While that’s not a surprise – especially when the most culturally significant game of the past 20 years is the leader in the genre, and inspired an industry-wide gold rush in its wake – it may make you question why companies are still going after it. The list of games that have tried to be the next Minecraft or Ark is endless, but that doesn’t mean there’s no room in the stable for other runners.
Look at 2024’s surprise hit, Palworld. Its distinct whiff of Pokémon aside, Palworld is a quintessential survival game. It’s bashing sticks and rocks together to eventually build an empire, and people are falling over themselves for it. Palworld is proof, if need be, that the survival genre still massively resonates with an audience if it’s done well. And from what we’ve played, Nightingale does it very well.
Nightingale describes its aesthetic as “Victorian gaslamp fantasy,” and it’s one of the things that immediately sets the game apart. While walking you through the routinely boring admin of explaining the controls, the stakes of the world, and how you build your first bed for the night, the game distracts you with beautiful art and an extremely intriguing world that we’re desperate to get to the bottom of.
You’re guided by Puck, every bit the mischievous unreliable narrator that his Shakespearean namesake warrants. Nightingale sets its tone incredibly well, even though mechanically you’re doing the most basic things a survival game could teach you. It’s a clever trick that makes the game instantly more interesting.
You’re soon introduced to Realm Cards. These items – which are given to players via quests, or seemingly through other in-game means that we didn’t have access to – are how you determine the biome in which you play. There are large portals throughout the world, in which players deposit these cards in order to generate the next world they visit.
In short, you can determine the environment, be that a lush forest or an arid desert, and what you’re likely to find in there. No two of these Realms are the same: the developers claim that even when two players enter the exact same cards, while the key characteristics remain consistent, the topography, points of interest, and challenges within will change.
There are three types of cards: Major, Minor, and Biome. Biome, as the name would suggest, dictates your environment. It’s the broadest brush stroke the game offers, and the canvas for the more specific cards.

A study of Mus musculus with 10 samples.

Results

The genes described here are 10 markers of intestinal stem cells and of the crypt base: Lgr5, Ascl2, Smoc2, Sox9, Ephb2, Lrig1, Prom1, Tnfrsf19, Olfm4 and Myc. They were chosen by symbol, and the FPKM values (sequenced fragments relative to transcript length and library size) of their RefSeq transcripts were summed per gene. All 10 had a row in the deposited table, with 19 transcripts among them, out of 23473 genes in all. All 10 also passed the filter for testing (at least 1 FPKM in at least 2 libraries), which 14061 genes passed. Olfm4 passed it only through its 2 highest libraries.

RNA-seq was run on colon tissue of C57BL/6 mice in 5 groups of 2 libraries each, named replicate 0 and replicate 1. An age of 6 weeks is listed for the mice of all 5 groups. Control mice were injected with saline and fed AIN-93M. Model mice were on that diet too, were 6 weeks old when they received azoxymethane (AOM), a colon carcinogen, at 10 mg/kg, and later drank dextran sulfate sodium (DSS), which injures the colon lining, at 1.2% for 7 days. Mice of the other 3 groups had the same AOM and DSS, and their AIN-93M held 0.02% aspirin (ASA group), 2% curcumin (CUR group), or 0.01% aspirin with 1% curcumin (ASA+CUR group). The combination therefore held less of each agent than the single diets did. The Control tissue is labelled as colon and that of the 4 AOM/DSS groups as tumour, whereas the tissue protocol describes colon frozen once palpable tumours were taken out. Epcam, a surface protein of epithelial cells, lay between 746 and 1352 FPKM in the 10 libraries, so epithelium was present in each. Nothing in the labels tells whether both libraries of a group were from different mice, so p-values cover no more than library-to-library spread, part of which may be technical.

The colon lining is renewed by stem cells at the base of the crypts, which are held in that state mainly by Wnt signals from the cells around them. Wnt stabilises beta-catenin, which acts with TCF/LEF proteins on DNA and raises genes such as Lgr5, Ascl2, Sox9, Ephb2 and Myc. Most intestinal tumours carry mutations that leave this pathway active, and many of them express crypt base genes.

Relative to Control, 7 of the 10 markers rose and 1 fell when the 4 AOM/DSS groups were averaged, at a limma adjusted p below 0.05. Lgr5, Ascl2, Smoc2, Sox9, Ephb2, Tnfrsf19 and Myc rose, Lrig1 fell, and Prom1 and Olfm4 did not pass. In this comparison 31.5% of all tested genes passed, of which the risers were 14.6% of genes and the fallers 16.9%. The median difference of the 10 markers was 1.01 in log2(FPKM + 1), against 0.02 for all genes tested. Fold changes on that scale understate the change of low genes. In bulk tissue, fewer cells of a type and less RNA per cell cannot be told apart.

Minor cards influence things like how rich in resources an area is, or an environmental quirk like the weather. These cards seem to serve players in that they create scenarios for certain rare materials to spawn.
Maybe a specific type of tree will only spawns with a hyper-specific combination of cards. It’s the mystery of the early Minecraft crafting system applied to world design.
Finally, Major cards influence the game’s narrative and quests. You can spawn into a world that’s hostile and full of enemies ripe with loot, or you can generate a Realm that will send you on a quest to explore the last remnants of a previous civilisation.
The exciting thing about Nightingale is that the card system feels absolutely tailor-made for community-led exploration. Virtual watercooler chat becomes “have you tried these three cards?”. Like a real deck of cards, the more that are added to the game and the player’s virtual hand, the potential for seemingly limitless new experiences only grows.
Despite how exciting procedural generation and the prospect of limitless worlds are on paper, there’s a less than stellar history in video games of how it’s actually implemented. We didn’t have these worries during our time with Nightingale and that’s not due to the relatively short amount of time we’ve spent with the game so far.
The Realm system is a great gimmick, but it doesn’t feel like the thing the whole game is holding itself up by. Instead, it’s an imaginative approach to the dull landscape of most survival game worlds. Instead of reseeding over and over again to find something that works for what you want, the Realm system makes you a far more active player in designing the fun.
The survival mechanics underneath are rock solid, and while we didn’t get close to the end of the game’s technology tree (which appears to feature firearms), we are desperate to get back to it.
Nightingale has huge potential, even in a genre that’s packed to the rafters. The Realm system doesn’t only offer players a chance to explore and discover as a community rather than being led down a garden path, it also lets players make Nightingale whatever they want it to be.
Want to focus on the strange, almost theatrical narrative that appears to be forming? Simply pick the corresponding cards. Do you want to build up weaponry and take on hostile environments? Pick that card. It’s entirely up to you.